Personal Honours Project - Mk. 1 Prototypes - Experience Prototyping #1

After what I could only describe as a disaster of a presentation, I went back to my desk to lick my wounds. Chris and Andrea didn't seem very enthused with my idea of using circles and paths to break down code structure; I felt like I was on to something and wanted to continue pursuing it. I just needed to rethink my approach on how I was going to do it.

I spoke to Chris the following day who came to check how I was after the presentation - I told him I was planning to continue with the circles idea but I admitted that I hadn't presented well at all the day before, which Chris agreed with. Even with all of my sketches on the wall, Chris was still struggling to follow what exactly I meant - my main problem was that I was not conveying what exactly the experience would be. 

Rather than stress about how I would do this digitally, I took the plunge and decided to work physically. I knew I was on to something and I was gonna prove it works by any means necessary. As it happened though, creating this experience prototype physically was the most fun I've had with my project all semester.

First step was to plan how I was going to do this physically. Luckily, I'd been sitting with a wooden board since the end of 3rd year from a previous project so I quickly identified this as my new "phone screen".  I then sketched up a rough plan of what I wanted and I would need to make it work. Nails, string and paper - lo-fi materials and working as far away from technology as possible. 

To tackle my main problem, I knew I would have to start utilising actual content. The only thing was that the lightbulb example I had become hung up on using wasn't actually a very good example for teaching JavaScript - or rather, it wasn't varied enough for beginners to learn different parts of  the language. Taking inspiration from Codecademy, I made sure that I would be teaching my users something fun they could do with coding, and that's why I selected programming the user's phone to play rock, paper, scissors with them within the app as an easy introduction to what we can do with JavaScript. The next step was breaking this down for users to understand.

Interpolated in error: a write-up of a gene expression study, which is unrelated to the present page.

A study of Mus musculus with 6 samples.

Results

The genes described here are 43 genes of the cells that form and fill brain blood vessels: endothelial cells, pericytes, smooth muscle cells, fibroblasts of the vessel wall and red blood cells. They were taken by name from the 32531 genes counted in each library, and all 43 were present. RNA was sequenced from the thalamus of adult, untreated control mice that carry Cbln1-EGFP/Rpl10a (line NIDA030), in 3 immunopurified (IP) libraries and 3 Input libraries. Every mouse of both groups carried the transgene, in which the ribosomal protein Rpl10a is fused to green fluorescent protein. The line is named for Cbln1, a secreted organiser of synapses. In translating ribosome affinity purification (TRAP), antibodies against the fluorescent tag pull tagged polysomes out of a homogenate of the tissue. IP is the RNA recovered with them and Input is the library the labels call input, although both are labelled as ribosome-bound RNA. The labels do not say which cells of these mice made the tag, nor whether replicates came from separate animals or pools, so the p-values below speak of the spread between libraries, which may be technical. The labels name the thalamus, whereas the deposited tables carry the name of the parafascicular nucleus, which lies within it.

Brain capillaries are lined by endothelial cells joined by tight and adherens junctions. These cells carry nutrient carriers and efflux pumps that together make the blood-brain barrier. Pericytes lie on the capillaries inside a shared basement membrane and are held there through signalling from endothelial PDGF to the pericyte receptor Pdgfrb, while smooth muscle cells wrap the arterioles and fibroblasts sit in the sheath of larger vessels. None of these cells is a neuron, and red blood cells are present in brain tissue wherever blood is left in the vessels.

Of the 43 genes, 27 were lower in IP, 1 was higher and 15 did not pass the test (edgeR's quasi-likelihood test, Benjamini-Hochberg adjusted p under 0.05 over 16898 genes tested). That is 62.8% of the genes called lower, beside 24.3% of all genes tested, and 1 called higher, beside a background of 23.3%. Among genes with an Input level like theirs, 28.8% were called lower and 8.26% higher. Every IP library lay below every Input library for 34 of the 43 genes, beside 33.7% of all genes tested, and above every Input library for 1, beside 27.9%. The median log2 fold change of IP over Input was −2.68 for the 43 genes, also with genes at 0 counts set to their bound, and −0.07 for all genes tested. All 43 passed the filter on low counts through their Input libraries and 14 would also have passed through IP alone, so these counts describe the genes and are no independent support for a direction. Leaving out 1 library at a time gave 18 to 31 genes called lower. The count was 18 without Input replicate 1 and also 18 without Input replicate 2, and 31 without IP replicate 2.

From this...

From this...

 ...to this.

...to this.

Breaking it down meant writing out my own code for the program, and then breaking it into 6 more manageable chunks. In unavoidable cases, I split some sections into sub sections but I didn't actually mind doing this as I think it created a bit more variety in the path structure I was aiming for, while making the structure more visually appealing. Once I'd broken down the code into steps, I then created a mock up path and what the user would be expected to do at each 'hub'.

With the steps mapped out, it was time to create the physical prototype. As I mentioned, the board from last year's project was to become my "phone screen" and I mapped out roughly how I think the path should look for this program - there was no real plan other than trying to make it look visually interesting to users. I used a roll of masking tape to measure the circles and map out the connections to each circles, before hammering in nails on the edge of each circle and cutting bits of strings to create the paths. This process was oddly therapeutic.